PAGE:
Blacks Continue To Lose Ground as Talk of Turning the AIDS Tide WagesJuly 28, 2012 |
WASHINGTON—At a time when the promising practices and the potential of new drugs to arrest the HIV/AIDS epidemic in the U.S. are greater than at any other time in the past three decades, recent data released at the International AIDS Conference, July 22-27, show that the most vulnerable people at the epicenter of the disease—African-Americans, especially gay men—are steadily losing ground and their lives in the war against AIDS.
The AIDS crisis among Black men who have sex with men, or MSM, is far from over and not even close to being under control, according to a new report released this week by the Los Angeles-based think tank The Black AIDS Institute. Black MSM account for 1 in 500 Americans, but represent nearly 1 in 4 new HIV infections, according to the report “Back of the Line: The State of AIDS Among Black Gay Men in America.”
“Black men who have sex with men are engulfed in a raging generalized epidemic,” said Phil Wilson, president of the Institute and an openly gay Black man who has been living with HIV for 32 years. In fact, the report found that the odds of a Black man who has sex with men becoming infected increase from a 1-in-4 chance of infection at 25 years old to a 59.3 percent chance by the time he reaches 40 years old.
“Almost six in every 10 Black gay men in America will be HIV-positive by their 40th birthday,” Wilson told more than 23,000 delegates, policy makers, researchers, government officials and advocates during the speech he delivered July 23 at the conference’s opening plenary session.
Wilson was among this week’s HIV/AIDS experts, scholars and speakers who shared what they see as the best and worst of times in the three-decades-old AIDS battle. They also peered cautiously into a future where a new generation of people will be AIDS free.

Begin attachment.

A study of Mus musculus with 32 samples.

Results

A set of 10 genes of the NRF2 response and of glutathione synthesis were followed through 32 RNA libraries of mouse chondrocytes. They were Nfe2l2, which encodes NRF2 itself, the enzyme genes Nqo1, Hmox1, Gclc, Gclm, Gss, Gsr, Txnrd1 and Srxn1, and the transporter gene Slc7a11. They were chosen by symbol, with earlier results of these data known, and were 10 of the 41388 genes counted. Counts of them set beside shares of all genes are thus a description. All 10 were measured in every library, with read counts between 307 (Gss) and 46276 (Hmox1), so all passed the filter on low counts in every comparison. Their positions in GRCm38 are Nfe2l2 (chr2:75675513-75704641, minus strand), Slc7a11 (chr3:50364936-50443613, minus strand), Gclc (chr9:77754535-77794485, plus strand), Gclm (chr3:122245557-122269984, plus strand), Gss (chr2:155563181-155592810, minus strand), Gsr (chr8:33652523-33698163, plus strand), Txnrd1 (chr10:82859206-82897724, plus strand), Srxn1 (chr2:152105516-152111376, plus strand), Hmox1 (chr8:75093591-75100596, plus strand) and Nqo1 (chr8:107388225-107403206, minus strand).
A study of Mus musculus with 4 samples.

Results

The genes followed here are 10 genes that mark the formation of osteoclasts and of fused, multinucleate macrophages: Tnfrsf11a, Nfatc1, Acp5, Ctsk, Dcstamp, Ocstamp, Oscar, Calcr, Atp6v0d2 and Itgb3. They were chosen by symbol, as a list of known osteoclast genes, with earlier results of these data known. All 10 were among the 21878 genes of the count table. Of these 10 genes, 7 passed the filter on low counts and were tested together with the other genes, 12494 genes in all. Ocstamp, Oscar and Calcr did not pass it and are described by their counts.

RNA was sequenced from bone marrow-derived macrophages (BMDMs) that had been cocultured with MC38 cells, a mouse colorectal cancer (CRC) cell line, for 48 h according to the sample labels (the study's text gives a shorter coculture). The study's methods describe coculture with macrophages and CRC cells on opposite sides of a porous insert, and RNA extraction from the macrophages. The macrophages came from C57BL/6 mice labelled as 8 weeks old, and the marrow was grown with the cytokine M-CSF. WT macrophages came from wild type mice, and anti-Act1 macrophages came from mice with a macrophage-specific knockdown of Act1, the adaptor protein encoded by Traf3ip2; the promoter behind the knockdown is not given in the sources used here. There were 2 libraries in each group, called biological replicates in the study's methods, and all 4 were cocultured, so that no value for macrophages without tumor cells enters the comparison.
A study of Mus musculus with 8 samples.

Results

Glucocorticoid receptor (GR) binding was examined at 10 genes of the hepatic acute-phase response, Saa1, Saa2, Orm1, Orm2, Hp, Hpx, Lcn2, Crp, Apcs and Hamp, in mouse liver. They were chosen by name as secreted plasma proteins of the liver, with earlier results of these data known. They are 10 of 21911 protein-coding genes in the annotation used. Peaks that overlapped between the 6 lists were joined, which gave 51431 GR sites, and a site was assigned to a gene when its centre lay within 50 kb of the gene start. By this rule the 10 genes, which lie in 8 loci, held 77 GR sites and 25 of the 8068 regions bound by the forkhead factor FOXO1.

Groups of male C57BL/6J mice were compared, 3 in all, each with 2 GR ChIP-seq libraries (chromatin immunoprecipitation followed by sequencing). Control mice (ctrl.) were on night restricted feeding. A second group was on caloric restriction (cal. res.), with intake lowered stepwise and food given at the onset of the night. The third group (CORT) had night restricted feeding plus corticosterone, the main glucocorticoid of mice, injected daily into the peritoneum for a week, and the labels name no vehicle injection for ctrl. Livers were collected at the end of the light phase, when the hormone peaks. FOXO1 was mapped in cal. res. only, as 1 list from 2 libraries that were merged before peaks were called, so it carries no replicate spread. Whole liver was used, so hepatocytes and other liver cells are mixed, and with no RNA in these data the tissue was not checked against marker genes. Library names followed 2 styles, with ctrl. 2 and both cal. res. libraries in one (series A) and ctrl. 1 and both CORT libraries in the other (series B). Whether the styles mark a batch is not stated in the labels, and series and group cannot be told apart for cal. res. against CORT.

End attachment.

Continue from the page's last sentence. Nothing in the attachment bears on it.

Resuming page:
The “AIDS-free world” that Secretary Hillary Rodham Clinton described during her address here on the first day of the conference would look like this: “Virtually no child anywhere will be born with the virus; as children and teenagers become adults, they will be significantly at lower risk over ever becoming infected than they would be today, no matter where they are living; and, if someone does acquire HIV, they will have access to treatment that helps prevent them from developing AIDS and passing the virus on to others.”
For Black America: Take Ownership of the Epidemic
For Cynthia Davis, an assistant professor at the Historically Black Charles R. Drew University of Medicine and Science, new research announced this week focusing on finding a cure for HIV/AIDS and the recent FDA approval of the antiretroviral drug Truvada to prevent HIV infection among high-risk people was greeted with excitement. These products mark major scientific gains in an epidemic that put Davis on the perilous frontline as a health educator and advocate in the early 1980s in Los Angeles when the mysterious virus was emerging among Black and White gay men.
But Davis, a delegate at the international gathering, is also cautious and concerned about whether African-Americans will have access and realize these gains.
“For African-Americans, the outlook does not look good,” she said. “The HIV/AIDS stigma still remains a tremendous barrier in the African-American community, and there are numerous structural barriers that make it difficult for poor, low-income people to access care and services. Until the African-American community, as a whole, takes ownership of HIV/AIDS and begins to work in partnership, we will just keep spinning our wheels and the numbers will just keep rising.”
Thirty-one years ago, Dr. Michael Gottlieb was a junior professor at UCLA teaching immunology when he identified a disease anomaly in seven gay men in Los Angeles, five White and two Black. In 1981, acquired immune deficiency syndrome or AIDS, Gottlieb determined, was the virus that was consuming his patients within days and months.
On July 24, when a reporter spotted Gottlieb, he was not among the international delegation, but standing quietly among row after row of colorful panels in the AIDS Memorial Quilts stretched out on the National Mall here. As those back at the AIDS Conference talked enthusiastically about turning the tide of the HIV/AIDS epidemic, Gottlieb told Diverse Issues that, instead of “a light at the end of the tunnel,” he sees “a glimmer.”
And if he could speak to African-Americans who are saddled with HIV infection rates that rival those in sub-Saharan Africa, Gottlieb said he would tell them, “they must take control of their destiny, work at the grassroots level, and educate, educate, educate” themselves about HIV/AIDS.